The Israeli wedding gown designer, whose corseted creations are in demand across the globe, never took a sewing class in her life.
Viewers of the popular TLC cable show Say Yes to the Dress probably assume that the top designer at Manhattan’s Kleinfeld bridal salon gained easy entrée to the legendary shop.
But surprisingly, when Pnina Tornai first displayed her sexy wares to Kleinfeld’s owner and buyer, she got an icy reception.
Sure of her product, Tornai did not give up. “If you throw me out the door, I’ll come back through the window,” she tells ISRAEL21c. “I sent them seven dresses, and I gave the first one the number 101, a powerful symbol from Kabbalah. From the moment they put that dress on a mannequin, it did not stop selling.”
Tornai’s American business soon became exclusive to Kleinfeld, which two years later gave her a private in-store boutique, a first for the highbrow salon.
Not bad for an Israeli mother who has no formal training in dressmaking, relying instead on visions in her dreams – and lots of hard work.
Rocket sends her career sky-high
Prospects were gloomy for Tornai when she returned to her native Israel, after 10 years in Paris, as a newly divorced mother in her early 30s with a young son to support. Lacking any formal training, the drama school dropout opened a small custom dress shop in Tel Aviv and hired a seamstress to operate the sewing machine in the basement.
Cutting the fabric at night after customers went home, she was exhausted. “I usually forgot a sleeve or something,” she jokes now.
And then, 19 years ago, a bride from the north commissioned Tornai to make her a wedding dress. On the big day, a missile launched from Lebanon fell near the site of the ceremony, and the next morning the newlyweds’ picture was front-page material. Women from across the country started contacting Tornai asking her to make them a copy of that dress.
“It’s an amazing story even for me,” says Tornai, who still has her flagship store in Tel Aviv. “Sometimes I have to pinch myself to be sure I’m not dreaming.”
She knows she was dreaming, however, when shortly afterward she had a lovely nighttime vision of lying on a huge lawn watching beaded and jeweled bridal and ball gowns float from the sky. When she awoke, she made the decision to become a wedding dress designer.
Her dreams remain a source of inspiration for her custom-made, corseted designs. “I dream my dresses,” she confides. “Ask my husband if you don’t believe me.”
Tornai now employs “the best seamstresses and pattern-makers in the world” to do the cutting, sewing and meticulous trimming, “but they need my eye to correct everything, and all the dresses are designed by me.”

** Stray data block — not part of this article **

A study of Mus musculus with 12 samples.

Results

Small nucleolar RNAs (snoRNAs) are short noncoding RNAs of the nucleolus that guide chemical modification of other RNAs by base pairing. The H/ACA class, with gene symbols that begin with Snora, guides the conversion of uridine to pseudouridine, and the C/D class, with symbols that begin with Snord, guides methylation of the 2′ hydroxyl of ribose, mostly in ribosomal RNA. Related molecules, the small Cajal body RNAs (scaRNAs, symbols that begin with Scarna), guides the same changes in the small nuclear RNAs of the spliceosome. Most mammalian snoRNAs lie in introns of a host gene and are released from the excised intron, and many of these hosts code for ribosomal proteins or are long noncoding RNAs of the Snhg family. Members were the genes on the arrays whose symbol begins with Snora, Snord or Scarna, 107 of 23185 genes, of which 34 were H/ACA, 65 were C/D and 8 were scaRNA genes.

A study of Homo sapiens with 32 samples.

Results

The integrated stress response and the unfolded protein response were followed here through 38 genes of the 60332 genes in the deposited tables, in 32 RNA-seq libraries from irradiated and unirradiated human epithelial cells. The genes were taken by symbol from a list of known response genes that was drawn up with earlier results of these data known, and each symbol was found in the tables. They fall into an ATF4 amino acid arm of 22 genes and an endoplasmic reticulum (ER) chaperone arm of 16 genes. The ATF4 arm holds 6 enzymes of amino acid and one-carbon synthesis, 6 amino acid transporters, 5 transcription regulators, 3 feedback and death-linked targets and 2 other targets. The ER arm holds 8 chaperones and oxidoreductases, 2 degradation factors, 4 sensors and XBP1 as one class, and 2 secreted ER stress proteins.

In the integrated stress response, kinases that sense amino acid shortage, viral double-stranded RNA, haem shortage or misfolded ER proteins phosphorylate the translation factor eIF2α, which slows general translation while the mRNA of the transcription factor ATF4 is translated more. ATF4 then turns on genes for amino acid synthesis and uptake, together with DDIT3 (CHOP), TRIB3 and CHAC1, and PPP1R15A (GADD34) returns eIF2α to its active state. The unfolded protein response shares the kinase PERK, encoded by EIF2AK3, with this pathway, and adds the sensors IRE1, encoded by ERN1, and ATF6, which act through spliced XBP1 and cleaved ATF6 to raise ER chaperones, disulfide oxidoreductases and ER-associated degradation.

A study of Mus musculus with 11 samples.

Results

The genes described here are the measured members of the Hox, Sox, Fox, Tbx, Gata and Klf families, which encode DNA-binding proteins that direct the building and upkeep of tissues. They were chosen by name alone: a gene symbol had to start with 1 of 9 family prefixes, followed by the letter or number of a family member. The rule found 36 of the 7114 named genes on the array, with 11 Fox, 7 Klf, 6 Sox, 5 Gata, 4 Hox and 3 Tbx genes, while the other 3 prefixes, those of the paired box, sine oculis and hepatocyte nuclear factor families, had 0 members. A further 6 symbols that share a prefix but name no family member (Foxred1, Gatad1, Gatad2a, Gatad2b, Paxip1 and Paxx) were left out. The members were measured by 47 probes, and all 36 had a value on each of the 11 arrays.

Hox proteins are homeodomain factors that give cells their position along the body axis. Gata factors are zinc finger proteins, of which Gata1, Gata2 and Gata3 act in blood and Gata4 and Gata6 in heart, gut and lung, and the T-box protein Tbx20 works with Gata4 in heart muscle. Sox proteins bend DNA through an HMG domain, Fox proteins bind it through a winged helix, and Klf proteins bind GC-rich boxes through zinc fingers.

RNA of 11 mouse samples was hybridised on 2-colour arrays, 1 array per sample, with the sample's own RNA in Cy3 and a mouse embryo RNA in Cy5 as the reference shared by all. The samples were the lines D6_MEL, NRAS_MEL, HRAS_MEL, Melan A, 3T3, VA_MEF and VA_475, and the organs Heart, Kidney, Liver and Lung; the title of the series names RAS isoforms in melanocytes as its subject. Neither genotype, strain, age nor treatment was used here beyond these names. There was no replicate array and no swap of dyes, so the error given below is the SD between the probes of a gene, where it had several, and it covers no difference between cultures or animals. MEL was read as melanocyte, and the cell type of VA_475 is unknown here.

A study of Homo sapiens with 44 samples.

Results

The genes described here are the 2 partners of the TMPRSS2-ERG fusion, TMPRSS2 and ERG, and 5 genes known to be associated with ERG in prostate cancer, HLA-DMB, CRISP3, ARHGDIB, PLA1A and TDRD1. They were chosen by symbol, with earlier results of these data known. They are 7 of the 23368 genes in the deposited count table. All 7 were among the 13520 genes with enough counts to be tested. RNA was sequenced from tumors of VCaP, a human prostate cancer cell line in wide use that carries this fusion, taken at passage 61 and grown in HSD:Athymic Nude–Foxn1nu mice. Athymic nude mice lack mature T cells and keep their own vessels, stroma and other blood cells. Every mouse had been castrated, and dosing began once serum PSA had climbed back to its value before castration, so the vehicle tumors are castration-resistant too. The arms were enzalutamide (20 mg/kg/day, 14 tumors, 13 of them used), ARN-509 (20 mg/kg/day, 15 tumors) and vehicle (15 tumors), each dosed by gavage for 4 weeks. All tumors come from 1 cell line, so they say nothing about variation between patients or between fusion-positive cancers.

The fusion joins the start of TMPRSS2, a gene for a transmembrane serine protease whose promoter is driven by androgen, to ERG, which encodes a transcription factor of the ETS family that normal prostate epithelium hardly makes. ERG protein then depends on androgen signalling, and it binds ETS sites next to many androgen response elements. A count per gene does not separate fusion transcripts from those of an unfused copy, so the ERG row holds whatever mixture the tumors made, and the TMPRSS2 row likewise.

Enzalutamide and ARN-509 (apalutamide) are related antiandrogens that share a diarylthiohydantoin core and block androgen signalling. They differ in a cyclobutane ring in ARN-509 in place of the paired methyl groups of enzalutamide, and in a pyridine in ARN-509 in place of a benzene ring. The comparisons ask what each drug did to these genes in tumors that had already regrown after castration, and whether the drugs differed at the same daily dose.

Tornai speaks several languages, handy for communicating with clients who stream to her in-store boutiques in New York and Athens.
“I have brides from all over the world flying to New York to meet me — from all the Arab countries, from places that don’t even know the name ‘Israel,’ even from the Palestinian territories,” she says. “I feel I’m sort of an ambassador for my country. At first they’re wary of an Israeli, but by the end they are inviting me to Dubai and Kuwait.”
Her line varies from classic styles to sophisticated hand-embroidered gowns, always revealing and usually sparkling with Swarovski crystals and gemstones. Less well known is her line of modest gowns for religious Jewish and Muslim customers. “I dress all the daughters of the biggest rabbis in Israel,” says Tornai. A good thing, too, because her 26-year-old son recently became more religious and will likely choose a bride who wants a more covered-up look.
For her own wedding to David Levinshtein 11 years ago, she wore a “very noble” gown with a classic draped corset and A-line skirt. After the ceremony, she changed to a silver lace beaded dress, and finally a gem- and bead-encrusted embroidered denim outfit for the after-party.
To Tornai’s way of thinking, the perfect wedding dress is a must, even its price tag will necessitate cutting back on flowers or music. “It’s one chance in your life and your wedding is all about your impression,” she says.
Though she spends half her time in New York and a weekend every two months in Athens, Tornai has finally fulfilled her childhood ambition to act. She just finished filming a major role in the Israeli political sitcom Polishuk, and she’s hosting the Israeli version of Ten Years Younger in 10 Days.
She also hopes to sign exclusive deals with bridal salons in Mexico, Canada and Kuwait, but is committed to keep her home base in Israel.
“It is important for someone successful to remember where they come from. If you forget that, you cannot go higher — that’s a law of life,” says Tornai.